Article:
Fast Company

The New-Old Way to Innovate

A letter from the founding editors.

There was a time when innovation wore the uniform of the revolution. When the operating assumption was that any smart, young whippersnapper of a company could overthrow its big, old, slow rivals through raw creative power. When innovation happened outside the box, outside conventional wisdom, and sometimes outside the realm of reason. That was then -- and this is now.

Innovation today is about thinking inside the box. It can mean operating inside a big company and finding ways to leverage its resources to bring new ideas to mass markets.

Serious innovation is the theme of this issue of Fast Company -- as it is the leitmotif of business today. It is the way that Jerry Putnam, founder and CEO of Archipelago Holdings, is building an alternative to Wall Street. He's no wild-eyed revolutionary. He's using rules set down by the SEC to launch a stock exchange that is faster, cheaper, and more transparent than the Nasdaq and the Big Board. He's innovating inside the box.

Chet Huber is Jerry Putnam's counterpart at General Motors -- only Huber is innovating inside the car. His mission: Bring new technology to a mass market. Stay on the cutting edge of change but maintain a businesslike approach. And do it in the biggest manufacturing company in the world. It's a classic example of how to win using discipline and creativity.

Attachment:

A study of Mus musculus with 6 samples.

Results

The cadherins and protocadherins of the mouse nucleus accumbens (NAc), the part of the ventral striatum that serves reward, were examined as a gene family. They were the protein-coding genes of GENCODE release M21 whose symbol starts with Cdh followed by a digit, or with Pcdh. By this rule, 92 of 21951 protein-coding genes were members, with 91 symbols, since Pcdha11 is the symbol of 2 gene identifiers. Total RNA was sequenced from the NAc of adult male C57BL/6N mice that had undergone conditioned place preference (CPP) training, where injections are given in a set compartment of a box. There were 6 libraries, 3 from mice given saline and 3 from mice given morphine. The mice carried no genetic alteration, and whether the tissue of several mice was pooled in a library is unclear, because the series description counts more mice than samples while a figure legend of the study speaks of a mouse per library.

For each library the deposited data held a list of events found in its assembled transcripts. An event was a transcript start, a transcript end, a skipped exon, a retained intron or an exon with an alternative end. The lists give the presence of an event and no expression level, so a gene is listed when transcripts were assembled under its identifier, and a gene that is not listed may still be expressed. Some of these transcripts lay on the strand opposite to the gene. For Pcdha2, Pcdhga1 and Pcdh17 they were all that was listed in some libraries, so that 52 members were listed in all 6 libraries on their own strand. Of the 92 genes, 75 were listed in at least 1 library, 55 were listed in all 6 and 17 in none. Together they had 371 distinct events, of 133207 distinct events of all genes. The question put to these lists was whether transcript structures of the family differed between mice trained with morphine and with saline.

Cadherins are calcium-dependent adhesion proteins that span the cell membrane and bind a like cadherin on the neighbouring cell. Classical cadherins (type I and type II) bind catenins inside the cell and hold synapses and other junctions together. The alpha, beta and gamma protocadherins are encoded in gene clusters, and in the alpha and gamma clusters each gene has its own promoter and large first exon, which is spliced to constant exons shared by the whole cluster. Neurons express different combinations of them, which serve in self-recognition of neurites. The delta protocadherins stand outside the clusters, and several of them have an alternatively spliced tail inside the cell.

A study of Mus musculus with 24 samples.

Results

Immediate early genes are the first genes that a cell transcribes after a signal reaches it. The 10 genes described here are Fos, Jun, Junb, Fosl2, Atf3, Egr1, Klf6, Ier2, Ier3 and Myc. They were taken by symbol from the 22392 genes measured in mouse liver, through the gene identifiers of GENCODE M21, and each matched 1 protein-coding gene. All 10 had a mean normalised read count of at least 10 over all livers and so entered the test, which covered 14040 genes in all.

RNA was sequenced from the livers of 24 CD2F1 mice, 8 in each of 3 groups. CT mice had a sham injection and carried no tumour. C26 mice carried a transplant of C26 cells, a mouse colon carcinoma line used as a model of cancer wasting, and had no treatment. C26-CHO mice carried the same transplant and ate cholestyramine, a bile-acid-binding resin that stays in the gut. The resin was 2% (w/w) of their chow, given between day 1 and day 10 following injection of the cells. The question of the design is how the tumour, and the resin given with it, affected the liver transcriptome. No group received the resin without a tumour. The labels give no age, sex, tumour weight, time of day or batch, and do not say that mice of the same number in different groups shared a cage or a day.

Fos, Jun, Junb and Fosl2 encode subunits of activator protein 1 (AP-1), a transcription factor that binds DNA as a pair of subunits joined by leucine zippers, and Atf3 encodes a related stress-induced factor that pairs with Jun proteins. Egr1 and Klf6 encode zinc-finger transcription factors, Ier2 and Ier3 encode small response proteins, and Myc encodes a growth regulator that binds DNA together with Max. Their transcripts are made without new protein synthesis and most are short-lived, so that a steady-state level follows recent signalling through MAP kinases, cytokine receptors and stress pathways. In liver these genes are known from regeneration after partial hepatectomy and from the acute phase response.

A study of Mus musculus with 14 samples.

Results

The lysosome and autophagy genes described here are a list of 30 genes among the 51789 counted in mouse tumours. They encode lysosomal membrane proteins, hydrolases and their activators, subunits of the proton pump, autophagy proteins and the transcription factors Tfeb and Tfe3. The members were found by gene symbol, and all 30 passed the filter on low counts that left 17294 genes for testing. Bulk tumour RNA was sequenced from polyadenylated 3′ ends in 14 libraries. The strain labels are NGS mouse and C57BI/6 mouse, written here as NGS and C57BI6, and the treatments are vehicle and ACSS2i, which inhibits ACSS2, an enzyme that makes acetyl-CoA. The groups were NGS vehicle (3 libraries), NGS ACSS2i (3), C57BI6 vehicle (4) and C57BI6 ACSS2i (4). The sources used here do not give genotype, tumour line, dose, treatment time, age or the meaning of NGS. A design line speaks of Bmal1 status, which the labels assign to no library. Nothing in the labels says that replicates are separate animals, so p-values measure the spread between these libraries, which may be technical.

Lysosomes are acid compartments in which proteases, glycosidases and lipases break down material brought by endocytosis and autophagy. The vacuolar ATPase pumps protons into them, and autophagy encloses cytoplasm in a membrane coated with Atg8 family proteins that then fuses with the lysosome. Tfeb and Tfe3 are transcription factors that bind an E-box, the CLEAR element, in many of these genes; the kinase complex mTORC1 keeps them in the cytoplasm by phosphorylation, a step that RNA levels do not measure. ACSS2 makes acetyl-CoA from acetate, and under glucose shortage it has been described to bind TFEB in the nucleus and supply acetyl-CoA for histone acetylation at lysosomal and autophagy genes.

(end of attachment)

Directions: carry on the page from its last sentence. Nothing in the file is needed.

The story of John Boyd is another tale of old thinking applied to new times. As a fighter pilot, "40 Second" Boyd bet that he could win any dogfight in less than 40 seconds -- and he never lost that bet. His secret weapon: the OODA loop, a tool for strategy that fits perfectly in a time when business feels like a dogfight. Just as relevant is the never-before-told story of the McAlester Army Ammunition Plant, the source of nearly every nonnuclear bomb that the United States uses. The facility itself may appear to be old, even dilapidated. But the people who work there are remarkable Americans -- and plainspoken innovators.

This issue gives you more new-old innovation: Meet Rob McEwen, a member of our Fast 50, who combined the newest principles of the Internet with an old industrial pursuit -- mining for gold. And look at Seagate Technology, one of the oldest disk-drive manufacturers -- a company that has found the solution to the innovator's dilemma.

The times are more cautious. Results matter more than ever, and innovation is more important, not less. So learn how to think inside the box -- to deliver creative results with more-businesslike techniques.